1. #1

    Hi

    I want to build a guitar effect pedal using a Teensy 4 and the Audio Shield. I have built many analog effect pedals and understnad the need for a high impedance buffer / preamp and for keeping analog and digital signals and supplies separated. What I don't know is what signal levels are OK with the SGTL5000 and how I should protect it against input voltages that would damage it. I looked in the SGTL5000 datasheet but couldn't really find an answer. Some guitar pickups (and guitar effect pedals) can have quite high output voltages (7V peak-to-peak for some active pickups) which I guess could harm the codec. Is there a recommended way to protect the codec - and is it needed or is there already some protective circuit inside the SGTL5000? Clipping the signal with diodes to ground and audio is an easy solution, but will still allow a big voltage swing due to the forward voltage of the diodes. Would that work or can you recommend some other solution?
    I have looked at blackaddrs guitar audio shield, and it uses a diode clipping setup, but it also uses another codec (WM8731) that might be different with regards to protection/voltages.

    Best regards

    /MJ

  2. #2
    Senior Member Blackaddr's Avatar

    Some forum members here have reported blowing their Teensy Audio board by sending their guitar signal from a home made preamp or pedal directly into the line in on the audio board.

    Unless you buy a dedicated IC build for this exact purpose, "protection diodes" are the standard way to protect any circuit in the the case of voltages that go out of range.

    It's easy to get audio into the Teensy Audio board. Just plug a guitar pedal in first to get the impedance the guitar needs. However, it's also very easy to damage the codec too.

    If you want to plug a guitar directly into a CODEC without needing pedals in front, and doing it safely, you need a LOT more stuff from your preamp:
    OPTION 1:
    - very high input impedance (500K, 1M is better)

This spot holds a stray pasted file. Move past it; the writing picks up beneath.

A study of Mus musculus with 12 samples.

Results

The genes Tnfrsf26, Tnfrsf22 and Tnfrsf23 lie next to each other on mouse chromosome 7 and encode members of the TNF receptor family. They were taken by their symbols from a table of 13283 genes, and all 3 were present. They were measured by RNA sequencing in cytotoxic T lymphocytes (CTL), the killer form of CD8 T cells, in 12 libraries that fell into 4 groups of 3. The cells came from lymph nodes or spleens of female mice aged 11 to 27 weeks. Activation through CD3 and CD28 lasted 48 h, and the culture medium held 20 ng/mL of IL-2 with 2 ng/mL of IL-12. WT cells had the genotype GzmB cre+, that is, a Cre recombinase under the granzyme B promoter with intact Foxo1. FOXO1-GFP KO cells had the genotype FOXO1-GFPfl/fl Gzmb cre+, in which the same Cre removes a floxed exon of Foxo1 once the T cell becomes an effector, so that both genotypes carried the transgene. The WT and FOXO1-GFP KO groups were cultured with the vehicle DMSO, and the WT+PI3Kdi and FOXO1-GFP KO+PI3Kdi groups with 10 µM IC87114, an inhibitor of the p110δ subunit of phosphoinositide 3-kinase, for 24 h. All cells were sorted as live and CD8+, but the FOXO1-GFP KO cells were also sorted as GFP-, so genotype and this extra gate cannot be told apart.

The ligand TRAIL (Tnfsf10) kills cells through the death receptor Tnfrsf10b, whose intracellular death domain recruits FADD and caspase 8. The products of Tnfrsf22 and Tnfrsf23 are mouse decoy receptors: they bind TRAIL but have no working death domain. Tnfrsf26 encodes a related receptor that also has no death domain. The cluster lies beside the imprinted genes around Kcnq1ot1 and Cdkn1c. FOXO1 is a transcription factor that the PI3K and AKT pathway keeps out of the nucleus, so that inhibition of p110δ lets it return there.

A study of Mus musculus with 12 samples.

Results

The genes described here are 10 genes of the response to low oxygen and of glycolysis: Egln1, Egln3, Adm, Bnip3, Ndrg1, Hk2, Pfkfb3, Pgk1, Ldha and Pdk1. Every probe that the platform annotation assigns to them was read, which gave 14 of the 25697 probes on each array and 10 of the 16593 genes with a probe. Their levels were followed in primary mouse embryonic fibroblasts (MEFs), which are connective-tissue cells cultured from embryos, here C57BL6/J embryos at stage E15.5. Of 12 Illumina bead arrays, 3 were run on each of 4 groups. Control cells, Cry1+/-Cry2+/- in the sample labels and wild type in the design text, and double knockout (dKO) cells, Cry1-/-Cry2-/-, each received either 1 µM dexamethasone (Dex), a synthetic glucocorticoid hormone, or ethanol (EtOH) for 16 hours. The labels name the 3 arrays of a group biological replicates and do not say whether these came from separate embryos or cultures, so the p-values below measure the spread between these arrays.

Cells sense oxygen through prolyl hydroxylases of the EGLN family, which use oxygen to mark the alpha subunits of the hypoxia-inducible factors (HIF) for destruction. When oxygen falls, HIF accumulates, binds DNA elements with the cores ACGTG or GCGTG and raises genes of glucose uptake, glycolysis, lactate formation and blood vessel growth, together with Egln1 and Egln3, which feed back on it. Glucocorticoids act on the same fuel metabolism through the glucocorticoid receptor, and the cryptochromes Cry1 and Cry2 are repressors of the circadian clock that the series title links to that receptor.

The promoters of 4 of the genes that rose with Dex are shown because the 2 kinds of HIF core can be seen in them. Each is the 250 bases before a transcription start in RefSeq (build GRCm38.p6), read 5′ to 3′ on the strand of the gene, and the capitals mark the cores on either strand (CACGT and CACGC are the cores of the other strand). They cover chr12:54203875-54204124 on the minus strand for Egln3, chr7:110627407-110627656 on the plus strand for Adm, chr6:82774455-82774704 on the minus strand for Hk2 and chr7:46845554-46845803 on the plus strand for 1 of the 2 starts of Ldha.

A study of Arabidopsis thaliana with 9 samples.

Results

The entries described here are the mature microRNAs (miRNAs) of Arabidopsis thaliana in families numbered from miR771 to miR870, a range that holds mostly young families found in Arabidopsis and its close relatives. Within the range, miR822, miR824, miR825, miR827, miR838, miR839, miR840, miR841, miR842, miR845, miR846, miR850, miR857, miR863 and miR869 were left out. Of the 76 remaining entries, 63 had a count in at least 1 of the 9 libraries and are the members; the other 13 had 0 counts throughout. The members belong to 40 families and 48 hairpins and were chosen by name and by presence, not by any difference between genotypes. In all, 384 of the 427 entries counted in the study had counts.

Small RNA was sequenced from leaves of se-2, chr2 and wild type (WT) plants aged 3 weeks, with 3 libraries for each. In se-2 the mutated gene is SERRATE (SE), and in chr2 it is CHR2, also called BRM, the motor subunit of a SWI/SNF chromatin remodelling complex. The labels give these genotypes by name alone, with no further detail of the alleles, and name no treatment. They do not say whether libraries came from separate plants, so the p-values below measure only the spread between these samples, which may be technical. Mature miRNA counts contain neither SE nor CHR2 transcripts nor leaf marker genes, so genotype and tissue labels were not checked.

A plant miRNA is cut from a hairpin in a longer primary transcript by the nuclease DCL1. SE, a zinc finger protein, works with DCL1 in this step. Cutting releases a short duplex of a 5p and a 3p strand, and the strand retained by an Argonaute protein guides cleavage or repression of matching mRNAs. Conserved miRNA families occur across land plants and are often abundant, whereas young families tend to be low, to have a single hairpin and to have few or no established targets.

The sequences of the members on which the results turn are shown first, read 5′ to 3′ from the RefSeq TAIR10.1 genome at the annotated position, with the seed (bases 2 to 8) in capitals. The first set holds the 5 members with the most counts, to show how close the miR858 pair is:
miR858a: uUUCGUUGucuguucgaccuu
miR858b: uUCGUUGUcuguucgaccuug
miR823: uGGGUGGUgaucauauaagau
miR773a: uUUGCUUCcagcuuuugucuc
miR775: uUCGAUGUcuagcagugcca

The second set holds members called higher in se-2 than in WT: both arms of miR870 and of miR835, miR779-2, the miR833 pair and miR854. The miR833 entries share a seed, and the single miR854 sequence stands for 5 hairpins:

- very low noise preamp circuit
    - lots of gain, or potentially lots of attentuation
    - circuitry to protect the codec to ensure you never send it voltages above 3.3V.

    OPTION 2:
    - build a compander circuit, as this eliminates the need to worry about input gain settings for best SNR, and also reduces (but does not eliminate) the risk of frying the ADC input. This squashes the 0 to 9Vpp input range down into something like 0.8V to 1Vpp (compressor), then expands it back up to 9V after the CODEC. This is how many digital guitar pedals work (look at the schematics for the Boss DD-2). Note: this means 0V in ismapped to 0.8V and 9V in is mapped to 1.0V. It literally squashes the full dynamic range to a a few hundred millivolts right around the peak SNR of the ADC. Very low risk of digital slipping, but also means quantization error is quite high. Yet, guitarists who claim to hear the difference with different resistor materials don't seem to comment on the DD-2 squashing the sh*t out of it. In facdt the DD-2 is considered a highly sought have 'vintage' pedal.

    In fact, the DD-2 is a great reference.
    https://www.hobby-hour.com/electronics/s/dd2-delay.php

    It's just a digital delay, so it really just wants to digitize the input with an ADC, send it to a micro for delay and tone processing, then back out to the DAC.

    Notice how much analog circuitry is required just to do that seemingly simple task!

    So, it's simple to get something that "works", but very complicated to get something that works as well as a commercial digital pedal. That's why I created the TGA Pro, most people want to spend their time learning to make digital effects, not dissecting the DD-2 or designing proper mixed-signal low-noise preamp/CODEC circuit boards.

  3. #3
    Is there a recommended way to protect the codec - and is it needed or is there already some protective circuit inside the SGTL5000? Clipping the signal with diodes to ground and audio is an easy solution, but will still allow a big voltage swing due to the forward voltage of the diodes.
    Use schottky diodes to the (analog) rails with a 1k series resistor in front - that will protect the CMOS protection diodes
    already inside the SGTL5000 chip (standard practice for externally protecting CMOS). Schotty diodes typically conduct
    at 0.25 to 0.3V.

    By itself the chip may take moderate overload, but too much overvoltage from a low-impedance source will
    fry any CMOS chip, the internal protection diodes are tiny.

  4. #4

    Blackaddr, you mention a 'dedicated IC' for that voltage clamping purpose. What are such ICs called?

    Regards,

    MJ

  5. #5
    Senior Member Blackaddr's Avatar
    Hi guys, thanks for the quick replies. I'll try clipping with low forward voltage diodes and maybe a voltage divider after that to 'tame' the input to the audio shield. And then i'll see if I end up frying the board...

    Blackaddr, you mention a 'dedicated IC' for that voltage clamping purpose. What are such ICs called?

    Regards,

    MJ
    No idea, but there seems to be a dedicated IC for everything the days. I'm sure I've seen something, somewhere, sometime in relation to audio protection ICs. But it seemed overkill. The dual diode ICs I used in the TGA Pro did the job well, were small, and very cheap.